LOUISVILLE, Ky. — Famed horse trainer Bob Baffert is taking his battle to federal court over his 2-year suspension by Churchill Downs. Baffert and his legal team have filed a lawsuit to overturn the suspension.
Lawyers for Baffert argue Churchill Downs does not regulate horseracing in Kentucky and can’t ban a trainer.
Baffert was suspended by the track following the 147th Kentucky Derby after winner Medina Spirit tested positive for betamethasone, the anti-inflammatory drug used as a therapeutic medication in horses.
The lawsuit says Churchill Downs knew the positive result stemmed from an ointment prescribed by Medina Spirit’s veterinarian. They do point out the drug is legal but illegal if it is injected. Kentucky horse racing rules requires 14-days withdrawal time from the medication and any level of detection on race day is a violation.
On Monday, February 21, Churchill Downs announced that Medina Spirit had been disqualified as the winner of the 2021 Derby race.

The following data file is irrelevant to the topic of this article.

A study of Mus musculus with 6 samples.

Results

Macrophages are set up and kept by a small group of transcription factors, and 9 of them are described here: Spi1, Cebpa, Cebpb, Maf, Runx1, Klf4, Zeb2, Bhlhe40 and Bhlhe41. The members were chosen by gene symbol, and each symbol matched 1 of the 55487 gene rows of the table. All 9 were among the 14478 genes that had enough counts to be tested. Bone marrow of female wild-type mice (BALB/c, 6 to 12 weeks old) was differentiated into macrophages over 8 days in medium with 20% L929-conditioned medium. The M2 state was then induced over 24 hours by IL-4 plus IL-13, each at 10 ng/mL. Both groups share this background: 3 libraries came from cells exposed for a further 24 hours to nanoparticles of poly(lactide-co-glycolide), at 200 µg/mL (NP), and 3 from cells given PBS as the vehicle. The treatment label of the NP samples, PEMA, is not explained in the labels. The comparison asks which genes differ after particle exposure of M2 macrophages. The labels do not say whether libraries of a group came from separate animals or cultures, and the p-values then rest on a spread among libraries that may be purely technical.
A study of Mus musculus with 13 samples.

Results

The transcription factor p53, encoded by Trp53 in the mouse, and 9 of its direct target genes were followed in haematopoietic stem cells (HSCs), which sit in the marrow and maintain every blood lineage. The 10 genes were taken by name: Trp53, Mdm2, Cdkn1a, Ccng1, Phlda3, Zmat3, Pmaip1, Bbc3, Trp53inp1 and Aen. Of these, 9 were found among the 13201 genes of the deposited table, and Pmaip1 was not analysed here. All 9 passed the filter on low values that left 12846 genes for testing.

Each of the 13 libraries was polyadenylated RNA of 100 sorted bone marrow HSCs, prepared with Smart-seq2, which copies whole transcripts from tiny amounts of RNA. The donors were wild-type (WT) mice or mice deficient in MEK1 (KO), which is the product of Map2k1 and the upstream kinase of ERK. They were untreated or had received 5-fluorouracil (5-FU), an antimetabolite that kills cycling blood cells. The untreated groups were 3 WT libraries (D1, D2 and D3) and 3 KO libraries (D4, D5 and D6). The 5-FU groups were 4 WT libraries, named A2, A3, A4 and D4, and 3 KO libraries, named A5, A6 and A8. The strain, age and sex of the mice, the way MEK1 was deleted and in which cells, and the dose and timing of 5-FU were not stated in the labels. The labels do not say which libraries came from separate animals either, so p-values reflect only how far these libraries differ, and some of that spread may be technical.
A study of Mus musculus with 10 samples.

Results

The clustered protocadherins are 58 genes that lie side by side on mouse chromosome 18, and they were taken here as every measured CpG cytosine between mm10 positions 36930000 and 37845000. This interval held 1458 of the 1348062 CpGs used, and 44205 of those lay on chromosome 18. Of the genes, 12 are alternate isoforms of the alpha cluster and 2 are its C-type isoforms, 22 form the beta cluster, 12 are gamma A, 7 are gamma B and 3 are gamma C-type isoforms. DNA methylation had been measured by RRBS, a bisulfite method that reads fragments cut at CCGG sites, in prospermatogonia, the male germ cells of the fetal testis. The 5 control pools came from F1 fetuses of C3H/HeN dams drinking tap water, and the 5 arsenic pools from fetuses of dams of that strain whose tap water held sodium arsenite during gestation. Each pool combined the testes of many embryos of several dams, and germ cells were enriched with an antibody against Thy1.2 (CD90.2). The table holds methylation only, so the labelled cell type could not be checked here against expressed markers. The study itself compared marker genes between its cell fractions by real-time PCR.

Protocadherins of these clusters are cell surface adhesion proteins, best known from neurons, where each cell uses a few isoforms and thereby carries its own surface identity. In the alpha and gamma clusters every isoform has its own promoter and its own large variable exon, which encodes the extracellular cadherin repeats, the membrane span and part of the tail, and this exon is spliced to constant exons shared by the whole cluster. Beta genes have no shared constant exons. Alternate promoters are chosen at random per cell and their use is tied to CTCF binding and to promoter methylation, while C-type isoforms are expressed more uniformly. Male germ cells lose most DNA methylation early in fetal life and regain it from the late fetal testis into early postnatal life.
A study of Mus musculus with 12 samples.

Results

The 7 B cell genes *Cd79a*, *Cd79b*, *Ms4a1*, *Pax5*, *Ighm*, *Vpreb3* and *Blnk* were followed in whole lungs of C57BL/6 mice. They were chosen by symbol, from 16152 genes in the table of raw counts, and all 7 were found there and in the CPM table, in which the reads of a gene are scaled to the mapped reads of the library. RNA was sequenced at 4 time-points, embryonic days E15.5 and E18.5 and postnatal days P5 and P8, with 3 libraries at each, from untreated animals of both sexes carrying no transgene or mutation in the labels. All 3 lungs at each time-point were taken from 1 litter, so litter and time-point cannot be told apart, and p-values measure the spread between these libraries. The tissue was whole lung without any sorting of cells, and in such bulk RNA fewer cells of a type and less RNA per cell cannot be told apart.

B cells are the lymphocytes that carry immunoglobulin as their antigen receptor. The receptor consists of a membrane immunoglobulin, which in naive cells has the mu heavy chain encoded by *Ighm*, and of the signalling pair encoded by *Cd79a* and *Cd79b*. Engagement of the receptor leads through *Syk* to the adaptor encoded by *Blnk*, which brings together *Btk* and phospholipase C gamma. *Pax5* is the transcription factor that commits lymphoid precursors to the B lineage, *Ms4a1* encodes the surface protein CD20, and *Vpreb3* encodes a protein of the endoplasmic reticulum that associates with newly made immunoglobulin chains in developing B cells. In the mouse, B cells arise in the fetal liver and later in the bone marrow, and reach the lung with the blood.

Mandaloun, trained by Louisville native Brad Cox, is now listed as the winner of the 147th Kentucky Derby, followed by Hot Rod Charlie and Essential Quality. Mandaloun's owners will receive the $1.8 million winner's purse.
Baffert is also facing a 90-day suspension with penalties from the Kentucky Horse Racing Commission that begins a March 8.
Churchill Downs released a statement regarding Baffert’s lawsuit calling it “disappointing but certainly not surprising.” They also said that his claims are “meritless.”
Officials said they will “fight” the lawsuit and defend their company's rights.
“What’s at stake here is the integrity of our races, the safety of horses and the trust of the millions of fans and bettors who join us every year on the first Saturday in May,” they added.